DENVER – Officials with Colorado’s largest mosque Tuesday repudiated a Muslim leader’s offer to bury suspected Boston Marathon bomber Tamerlan Tsarnaev in a Denver-area cemetery, saying it’s the obligation of the man’s family or Muslims in Boston to decide where he is buried, not an organization a thousand miles away.
Colorado Muslim Society Chairman Khaled Hamideh said Tuesday Sheikh Abu Omar Almubarac approached the mosque’s governing council during the weekend with a proposal to bury Tsarnaev in one of two Denver-area Muslim cemeteries. While Denver Muslims and Almubarac condemned the bombings, Almubarac said he proposed the local burial out of adherence to Muslim teachings and offered a traditional Muslim burial for Tsarnaev – no headstone or casket.
Hamideh said the council declined to take up the matter because the Muslim obligation falls on those closest to the body.
“It’s not up to me that I have to fly 1,000 miles away and find a way to bury (Tsarnaev),” Hamideh said. “There’s a family or it’s the obligation of the Muslims in the area. If none, then it’s the next city, the next state.”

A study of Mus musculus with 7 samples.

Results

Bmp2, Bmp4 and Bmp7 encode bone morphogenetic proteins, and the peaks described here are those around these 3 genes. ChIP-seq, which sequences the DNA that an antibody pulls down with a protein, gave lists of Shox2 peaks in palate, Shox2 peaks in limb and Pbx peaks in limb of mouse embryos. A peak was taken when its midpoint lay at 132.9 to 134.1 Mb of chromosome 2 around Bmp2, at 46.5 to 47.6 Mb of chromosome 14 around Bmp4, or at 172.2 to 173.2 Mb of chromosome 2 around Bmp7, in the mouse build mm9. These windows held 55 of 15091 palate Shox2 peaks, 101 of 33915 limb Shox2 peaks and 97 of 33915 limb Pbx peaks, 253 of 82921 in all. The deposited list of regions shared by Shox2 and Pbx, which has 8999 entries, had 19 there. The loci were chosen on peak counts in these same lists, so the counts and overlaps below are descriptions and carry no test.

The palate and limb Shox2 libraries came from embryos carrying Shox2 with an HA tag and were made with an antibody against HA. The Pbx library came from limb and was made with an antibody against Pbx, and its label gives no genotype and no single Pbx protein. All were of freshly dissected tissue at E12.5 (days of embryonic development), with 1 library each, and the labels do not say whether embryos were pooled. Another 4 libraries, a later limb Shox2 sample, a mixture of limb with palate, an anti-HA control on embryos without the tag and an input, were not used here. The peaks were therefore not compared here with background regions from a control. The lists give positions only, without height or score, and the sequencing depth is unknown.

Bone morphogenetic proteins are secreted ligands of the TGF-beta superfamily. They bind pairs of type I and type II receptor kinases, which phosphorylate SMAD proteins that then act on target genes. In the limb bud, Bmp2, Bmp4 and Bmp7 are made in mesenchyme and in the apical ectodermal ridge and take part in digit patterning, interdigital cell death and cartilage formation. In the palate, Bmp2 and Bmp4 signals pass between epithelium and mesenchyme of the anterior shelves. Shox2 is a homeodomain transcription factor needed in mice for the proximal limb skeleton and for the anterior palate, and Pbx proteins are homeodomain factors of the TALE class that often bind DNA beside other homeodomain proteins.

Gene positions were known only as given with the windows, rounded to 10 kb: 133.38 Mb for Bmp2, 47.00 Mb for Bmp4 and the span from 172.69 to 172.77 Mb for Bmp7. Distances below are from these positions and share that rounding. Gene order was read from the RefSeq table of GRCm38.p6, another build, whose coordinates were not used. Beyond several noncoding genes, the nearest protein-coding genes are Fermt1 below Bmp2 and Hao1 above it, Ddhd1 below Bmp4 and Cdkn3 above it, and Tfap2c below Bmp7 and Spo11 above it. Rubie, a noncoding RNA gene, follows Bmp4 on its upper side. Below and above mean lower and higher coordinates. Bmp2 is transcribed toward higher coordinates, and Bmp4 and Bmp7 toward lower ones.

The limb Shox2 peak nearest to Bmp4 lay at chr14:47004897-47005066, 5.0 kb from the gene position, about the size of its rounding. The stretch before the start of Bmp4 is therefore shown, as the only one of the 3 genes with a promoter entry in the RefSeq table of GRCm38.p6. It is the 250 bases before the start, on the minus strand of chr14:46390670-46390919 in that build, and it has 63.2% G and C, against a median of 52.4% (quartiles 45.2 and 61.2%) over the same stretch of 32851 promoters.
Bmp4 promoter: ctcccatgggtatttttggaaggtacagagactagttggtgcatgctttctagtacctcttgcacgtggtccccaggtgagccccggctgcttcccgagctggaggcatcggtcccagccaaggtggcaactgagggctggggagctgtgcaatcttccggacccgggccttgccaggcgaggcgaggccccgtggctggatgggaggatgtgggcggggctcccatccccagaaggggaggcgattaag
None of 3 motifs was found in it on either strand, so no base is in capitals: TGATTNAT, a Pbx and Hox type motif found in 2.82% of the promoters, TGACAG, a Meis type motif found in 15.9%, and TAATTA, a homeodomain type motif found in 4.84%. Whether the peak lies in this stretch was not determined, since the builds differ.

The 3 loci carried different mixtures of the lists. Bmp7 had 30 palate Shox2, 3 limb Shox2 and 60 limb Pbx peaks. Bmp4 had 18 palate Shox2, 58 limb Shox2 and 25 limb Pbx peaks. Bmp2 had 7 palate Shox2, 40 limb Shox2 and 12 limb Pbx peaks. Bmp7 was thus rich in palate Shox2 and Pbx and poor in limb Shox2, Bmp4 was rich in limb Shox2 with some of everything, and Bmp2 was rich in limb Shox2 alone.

Almubarac founded the organization that built the east Denver mosque, but he holds no official position within the mosque.
Tsarnaev’s uncle Ruslan Tsarni of Montgomery Village, Md., has been unable to bury his nephew in Massachusetts because of protests.
Worcester, Mass., funeral home director Peter Stefan said more than 100 people in the U.S. and Canada have offered burial plots for Tsarnaev. But officials in the cities and towns where the graves are have said “no.” The city manager in Cambridge, Mass., where Tsarnaev lived, has urged his family not to ask to have him buried there because the attention would make it difficult for residents trying to get back to their lives.
Tsarnaev’s mother, Zubeidat Tsarnaeva, told The Associated Press in a phone interview that she wants to bury Tamerlan in her native Dagestan, but Russia is not allowing her to bring back the body.
Organizations that own burial rights decide who is buried at the Olinger Hampden Mortuary and Cemetery in Denver, one of two local cemeteries where Muslims are interred, said Jessica McDunn, a spokeswoman with Service Corp. International, which owns the cemetery.
Hamideh said the mosque has taken no steps to bury Tsarnaev at either local cemetery.
“It’s a tragedy that happened. We have to move on,” Hamideh said. “Unfortunately, it was a Muslim, and we condemn that. This is not our religion.”